Author: Ionut Roghina
“I can work in my nice home office, drink my fussy coffee, be present as my kid grows up. That’s my definition of success”
Marco Arment —
According to statistics, more and more developers decide to make a switch and work remotely. I can also confirm this trend to a certain extent; the number of people that I know and come across who want to work in this way seems to be increasing (at least in Europe).
At first glance, the reasons are pretty clear: more financial advantages, more free time, work conveniently from home (or a hammock on the beach as someone once told me), the freedom to choose interesting projects, etc.
It’s all very good, however there are (many) aspects that are not being considered. Below are some of the main ones, as I see them.
Securing (remote) work
This is becoming increasingly difficult, especially with plenty of competition from small outsourcing companies and other developers based in locations such as India, Ukraine or even Asia.
Truth be told, it should not be hard for a good software developer to secure plenty of work.
However, what happens if there are a couple of months where (due to various circumstances) they have nothing to work on?
Moreover, what if these 2 months turn into 3, 4 months or more? What if this coincides with an illness or an accident, how would these influence your financial situation over a 6 months or 1 year period?
There is plenty of work to go around for web developers. These days every company or small business want to have a website, need an ecommerce platform to sell products or a Wordpress page to interact with their customers.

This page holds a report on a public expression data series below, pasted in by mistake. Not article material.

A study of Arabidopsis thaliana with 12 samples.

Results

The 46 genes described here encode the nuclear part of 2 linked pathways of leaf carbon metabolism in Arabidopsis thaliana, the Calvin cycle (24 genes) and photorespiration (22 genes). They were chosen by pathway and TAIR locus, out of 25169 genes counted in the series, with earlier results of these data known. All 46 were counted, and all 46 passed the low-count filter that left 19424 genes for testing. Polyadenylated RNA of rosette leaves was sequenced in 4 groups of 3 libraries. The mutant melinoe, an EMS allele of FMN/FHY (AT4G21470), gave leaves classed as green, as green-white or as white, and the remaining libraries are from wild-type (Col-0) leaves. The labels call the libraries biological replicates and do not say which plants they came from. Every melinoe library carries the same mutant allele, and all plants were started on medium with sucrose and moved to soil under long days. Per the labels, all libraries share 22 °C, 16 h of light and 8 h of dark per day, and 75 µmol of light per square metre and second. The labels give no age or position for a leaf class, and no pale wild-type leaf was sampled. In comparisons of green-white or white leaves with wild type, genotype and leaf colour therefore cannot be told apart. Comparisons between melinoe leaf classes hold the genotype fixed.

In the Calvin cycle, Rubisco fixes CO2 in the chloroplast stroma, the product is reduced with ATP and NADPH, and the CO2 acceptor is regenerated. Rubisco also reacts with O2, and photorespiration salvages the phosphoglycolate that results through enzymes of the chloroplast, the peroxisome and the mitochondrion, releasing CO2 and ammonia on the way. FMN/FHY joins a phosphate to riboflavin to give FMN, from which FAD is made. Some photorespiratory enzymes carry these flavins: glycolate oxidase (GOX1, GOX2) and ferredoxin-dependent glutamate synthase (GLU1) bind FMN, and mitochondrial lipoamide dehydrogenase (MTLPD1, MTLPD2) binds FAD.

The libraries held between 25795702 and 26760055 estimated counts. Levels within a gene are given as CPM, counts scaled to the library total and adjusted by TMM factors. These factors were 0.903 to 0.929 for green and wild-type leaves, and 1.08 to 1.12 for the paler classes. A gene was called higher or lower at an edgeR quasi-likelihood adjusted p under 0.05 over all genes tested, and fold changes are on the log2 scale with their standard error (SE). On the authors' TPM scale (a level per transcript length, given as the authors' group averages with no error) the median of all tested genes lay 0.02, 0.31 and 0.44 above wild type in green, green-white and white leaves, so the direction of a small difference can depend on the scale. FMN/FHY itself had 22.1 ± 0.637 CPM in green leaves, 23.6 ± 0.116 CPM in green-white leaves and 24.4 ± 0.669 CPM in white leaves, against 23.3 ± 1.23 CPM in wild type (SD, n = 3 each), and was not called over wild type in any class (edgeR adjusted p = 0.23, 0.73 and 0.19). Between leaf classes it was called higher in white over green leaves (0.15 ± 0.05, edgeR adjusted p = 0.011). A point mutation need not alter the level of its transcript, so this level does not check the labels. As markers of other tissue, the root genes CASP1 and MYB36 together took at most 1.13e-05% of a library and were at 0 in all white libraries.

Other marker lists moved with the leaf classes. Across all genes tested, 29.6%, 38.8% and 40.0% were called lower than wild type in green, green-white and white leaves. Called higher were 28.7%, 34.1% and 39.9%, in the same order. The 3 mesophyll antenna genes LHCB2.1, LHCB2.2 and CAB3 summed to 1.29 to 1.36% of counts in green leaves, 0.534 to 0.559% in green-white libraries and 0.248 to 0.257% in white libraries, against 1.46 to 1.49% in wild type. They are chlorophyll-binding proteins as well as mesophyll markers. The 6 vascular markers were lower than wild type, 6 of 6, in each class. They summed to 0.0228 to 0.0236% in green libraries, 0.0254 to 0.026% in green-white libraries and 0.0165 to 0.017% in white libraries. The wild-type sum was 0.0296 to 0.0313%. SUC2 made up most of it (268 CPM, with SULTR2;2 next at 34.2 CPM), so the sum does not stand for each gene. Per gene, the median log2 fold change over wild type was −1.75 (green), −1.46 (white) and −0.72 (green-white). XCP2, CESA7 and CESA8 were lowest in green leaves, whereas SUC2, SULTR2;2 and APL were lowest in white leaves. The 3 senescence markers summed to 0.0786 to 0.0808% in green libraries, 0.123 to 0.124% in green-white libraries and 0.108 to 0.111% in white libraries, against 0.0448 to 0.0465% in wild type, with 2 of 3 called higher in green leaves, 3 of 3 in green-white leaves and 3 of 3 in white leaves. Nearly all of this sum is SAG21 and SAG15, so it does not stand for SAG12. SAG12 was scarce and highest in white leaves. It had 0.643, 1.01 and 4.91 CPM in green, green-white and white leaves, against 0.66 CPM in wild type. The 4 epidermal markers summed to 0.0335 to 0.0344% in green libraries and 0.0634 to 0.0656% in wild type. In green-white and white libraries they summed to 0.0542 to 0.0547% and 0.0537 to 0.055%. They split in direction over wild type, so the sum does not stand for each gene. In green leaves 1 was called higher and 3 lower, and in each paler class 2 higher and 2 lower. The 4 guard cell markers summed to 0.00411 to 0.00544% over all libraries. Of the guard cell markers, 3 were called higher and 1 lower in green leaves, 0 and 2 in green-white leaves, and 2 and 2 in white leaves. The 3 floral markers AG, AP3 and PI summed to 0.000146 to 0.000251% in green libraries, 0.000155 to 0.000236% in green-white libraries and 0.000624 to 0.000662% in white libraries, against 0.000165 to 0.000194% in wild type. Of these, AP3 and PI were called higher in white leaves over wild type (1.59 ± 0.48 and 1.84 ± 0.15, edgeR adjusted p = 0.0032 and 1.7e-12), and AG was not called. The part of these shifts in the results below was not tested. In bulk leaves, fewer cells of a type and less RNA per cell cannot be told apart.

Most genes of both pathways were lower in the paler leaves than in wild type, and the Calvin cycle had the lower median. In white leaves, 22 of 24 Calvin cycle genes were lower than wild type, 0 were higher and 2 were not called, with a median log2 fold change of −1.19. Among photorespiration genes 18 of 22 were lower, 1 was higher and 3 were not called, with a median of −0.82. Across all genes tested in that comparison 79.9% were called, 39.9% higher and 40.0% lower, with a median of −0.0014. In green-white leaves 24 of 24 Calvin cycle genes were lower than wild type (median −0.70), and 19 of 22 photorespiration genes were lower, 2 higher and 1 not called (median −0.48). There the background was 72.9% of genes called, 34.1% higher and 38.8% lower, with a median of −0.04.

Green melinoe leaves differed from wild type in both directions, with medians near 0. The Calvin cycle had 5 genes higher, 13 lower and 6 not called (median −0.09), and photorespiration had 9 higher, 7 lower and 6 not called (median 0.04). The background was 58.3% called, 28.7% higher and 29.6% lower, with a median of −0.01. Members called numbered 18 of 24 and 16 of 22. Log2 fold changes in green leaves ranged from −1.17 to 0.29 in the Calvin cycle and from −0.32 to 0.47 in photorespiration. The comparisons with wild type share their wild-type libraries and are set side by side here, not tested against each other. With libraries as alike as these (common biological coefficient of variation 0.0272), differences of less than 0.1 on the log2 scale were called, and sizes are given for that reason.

The question is, how interesting and challenging would this work be for you?
What will you learn from such working on such a project? How would this work help and prepare you for the moment when a large scale and very demanding project might be available?
This is where I think most developers who want to work remotely get it wrong. Very wrong. It’s very surprising to see that many of them don’t have a strong presence online with some not even displaying contact details on their website.
How is a company supposed to find you or contact you?
Or even, how can they know you are hard working and reliable, if there is no information available regarding your previous experience? How are they supposed to know if it’s even worth contacting you? More importantly, what do you do in order to promote yourself, your work and your skills?
Dealing with paperwork
Another overlooked issue when working remotely is paperwork (taxes, etc). Depending on your location and the agreement you have with the employer,
dealing with tax and other related paperwork can be time consuming and frustrating.
Whether you are the type of person who is fine with this or not, it can be a serious disadvantage. Of course, you could always have someone else to take care of this aspect for you. However, it’s an aspect worth considering.
Health & sanity
This is something that I picked up from a couple of other blogs written by developers who decide to move into working from home 100% of the time.
- In the best case, some of them reported feeling quite isolated after a while, even missing routine of meeting and dealing with colleagues.
- In the worst cases, some of them started to talk to themselves and even had hallucinations due to spending so much time on their own, in the same place.
Needless to say, this results in procrastination and makes them much less productive.
This short article is meant to bring up some points that developers do not really consider when deciding to start working remotely.
Setting realistic expectations with regards to the details of such collaboration with a company, the experience you will gain and the way future employers will see you as a professional are important.
To a certain extent working remotely can seem to be a great option. You do the same amount of work, get to spend time with friends and family, have lower costs thus keep more of the money you earn, etc. There are both advantages and disadvantages, which should be considered prior to making the decision for or against such an opportunity.